There is a clear correlation and scientific evidence between happiness and charitable donations. That’s according to one expert at a recent conference on philanthropy organized by the Acton Institute and the U.S. Embassy to the Holy See.
Dr. Arthur Brooks
American Enterprise Institute
People who give money to charity are 43 percent more likely than people who don’t give to say they’re very happy people. What you find in experiments, in laboratory experiments using human subjects is that when people are exposed to charitable acts, they get happier as a cause of their personal charity.
One of the biggest American donors on the panel said that even during these difficult economic times, private sector businesses need to keep up their charitable donations. But the power and ability of individuals and private groups to organize and donate money should never be underestimated. In 2006, individuals and private organizations in the United States donated more than $34.8 billion for poverty relief and foreign development, compared to just $23.5 billion given by the American government.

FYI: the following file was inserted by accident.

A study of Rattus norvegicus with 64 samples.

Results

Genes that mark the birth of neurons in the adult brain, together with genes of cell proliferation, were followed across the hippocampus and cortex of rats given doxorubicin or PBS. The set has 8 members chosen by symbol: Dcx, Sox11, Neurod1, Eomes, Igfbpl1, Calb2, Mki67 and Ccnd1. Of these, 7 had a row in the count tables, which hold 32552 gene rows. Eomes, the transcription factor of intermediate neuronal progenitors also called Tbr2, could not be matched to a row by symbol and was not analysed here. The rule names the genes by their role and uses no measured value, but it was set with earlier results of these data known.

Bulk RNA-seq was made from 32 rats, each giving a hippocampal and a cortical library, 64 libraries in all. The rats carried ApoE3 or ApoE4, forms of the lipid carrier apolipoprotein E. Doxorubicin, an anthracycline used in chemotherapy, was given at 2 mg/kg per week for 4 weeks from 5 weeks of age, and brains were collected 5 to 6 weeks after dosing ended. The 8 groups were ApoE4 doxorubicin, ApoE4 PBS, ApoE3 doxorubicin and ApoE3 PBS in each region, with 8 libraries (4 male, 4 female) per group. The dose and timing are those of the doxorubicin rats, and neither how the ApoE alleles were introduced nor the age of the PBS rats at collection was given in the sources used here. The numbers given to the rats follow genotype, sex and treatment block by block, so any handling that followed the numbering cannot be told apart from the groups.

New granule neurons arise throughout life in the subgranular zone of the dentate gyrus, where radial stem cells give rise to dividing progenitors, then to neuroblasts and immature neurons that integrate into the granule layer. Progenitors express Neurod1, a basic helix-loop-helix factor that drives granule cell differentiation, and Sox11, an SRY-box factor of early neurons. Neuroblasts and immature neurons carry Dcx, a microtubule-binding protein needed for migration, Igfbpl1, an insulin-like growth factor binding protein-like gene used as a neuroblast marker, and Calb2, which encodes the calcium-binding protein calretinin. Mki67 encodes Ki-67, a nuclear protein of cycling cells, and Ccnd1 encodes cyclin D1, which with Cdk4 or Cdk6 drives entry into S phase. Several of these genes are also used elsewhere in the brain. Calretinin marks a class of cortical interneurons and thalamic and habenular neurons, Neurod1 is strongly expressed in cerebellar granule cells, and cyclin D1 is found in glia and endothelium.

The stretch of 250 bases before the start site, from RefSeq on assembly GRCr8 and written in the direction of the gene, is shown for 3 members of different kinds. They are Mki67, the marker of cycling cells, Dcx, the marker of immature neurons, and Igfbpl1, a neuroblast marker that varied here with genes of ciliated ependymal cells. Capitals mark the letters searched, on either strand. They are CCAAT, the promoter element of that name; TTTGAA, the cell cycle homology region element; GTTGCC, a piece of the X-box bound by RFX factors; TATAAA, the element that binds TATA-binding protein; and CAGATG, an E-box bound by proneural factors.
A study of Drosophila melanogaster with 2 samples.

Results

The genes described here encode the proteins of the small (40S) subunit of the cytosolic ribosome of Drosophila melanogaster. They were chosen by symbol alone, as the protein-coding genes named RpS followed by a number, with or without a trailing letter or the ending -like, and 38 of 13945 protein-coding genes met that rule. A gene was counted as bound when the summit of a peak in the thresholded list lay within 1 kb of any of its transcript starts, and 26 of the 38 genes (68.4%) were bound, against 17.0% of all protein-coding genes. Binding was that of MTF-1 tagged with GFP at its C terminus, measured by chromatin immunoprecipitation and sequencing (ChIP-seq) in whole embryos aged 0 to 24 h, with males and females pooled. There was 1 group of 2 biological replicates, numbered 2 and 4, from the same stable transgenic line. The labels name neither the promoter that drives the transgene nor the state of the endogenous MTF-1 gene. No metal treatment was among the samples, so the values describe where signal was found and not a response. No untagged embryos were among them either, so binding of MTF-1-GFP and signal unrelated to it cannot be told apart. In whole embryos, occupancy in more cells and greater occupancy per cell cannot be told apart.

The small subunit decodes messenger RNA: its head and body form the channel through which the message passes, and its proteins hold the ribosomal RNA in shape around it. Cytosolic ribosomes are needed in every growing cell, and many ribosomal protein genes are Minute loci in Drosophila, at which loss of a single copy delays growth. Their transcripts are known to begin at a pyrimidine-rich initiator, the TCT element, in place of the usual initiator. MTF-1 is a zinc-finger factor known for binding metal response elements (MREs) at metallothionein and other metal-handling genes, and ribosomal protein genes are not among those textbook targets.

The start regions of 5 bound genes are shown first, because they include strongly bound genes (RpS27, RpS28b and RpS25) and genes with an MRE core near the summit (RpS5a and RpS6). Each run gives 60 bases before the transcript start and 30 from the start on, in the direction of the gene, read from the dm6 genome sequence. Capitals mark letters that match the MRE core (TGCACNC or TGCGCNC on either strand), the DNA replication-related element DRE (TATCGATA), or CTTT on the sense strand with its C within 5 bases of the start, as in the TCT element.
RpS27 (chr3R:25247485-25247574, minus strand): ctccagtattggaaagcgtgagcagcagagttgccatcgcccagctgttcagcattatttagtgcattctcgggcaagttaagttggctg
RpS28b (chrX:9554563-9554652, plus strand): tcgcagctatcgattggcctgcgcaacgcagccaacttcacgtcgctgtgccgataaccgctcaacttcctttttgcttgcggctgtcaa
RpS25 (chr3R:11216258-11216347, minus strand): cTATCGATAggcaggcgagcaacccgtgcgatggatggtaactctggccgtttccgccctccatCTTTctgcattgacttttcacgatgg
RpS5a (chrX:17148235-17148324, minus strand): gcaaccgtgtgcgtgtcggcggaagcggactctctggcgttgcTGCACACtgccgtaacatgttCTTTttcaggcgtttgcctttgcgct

Representatives of the Catholic Church, the U.S. government, and the private sector discussed the conditions which have sparked a growth in philanthropy and private giving, and how they each view charitable donations.
Rev. Robert A. Sirico
Of course the Church, founded by Jesus Christ relies fundamentally on charity, much more so than on government authority, fiat or money.
Participants at the conference also noted that although there may occasionally be issues with local laws regarding separation of church and state, there are many successful precedents for church, state, and private entities working together for charitable causes. These include fighting AIDS in Africa, and rebuilding in the aftermath of the tsunami in Southeast Asia and Hurricane Katrina in the United States.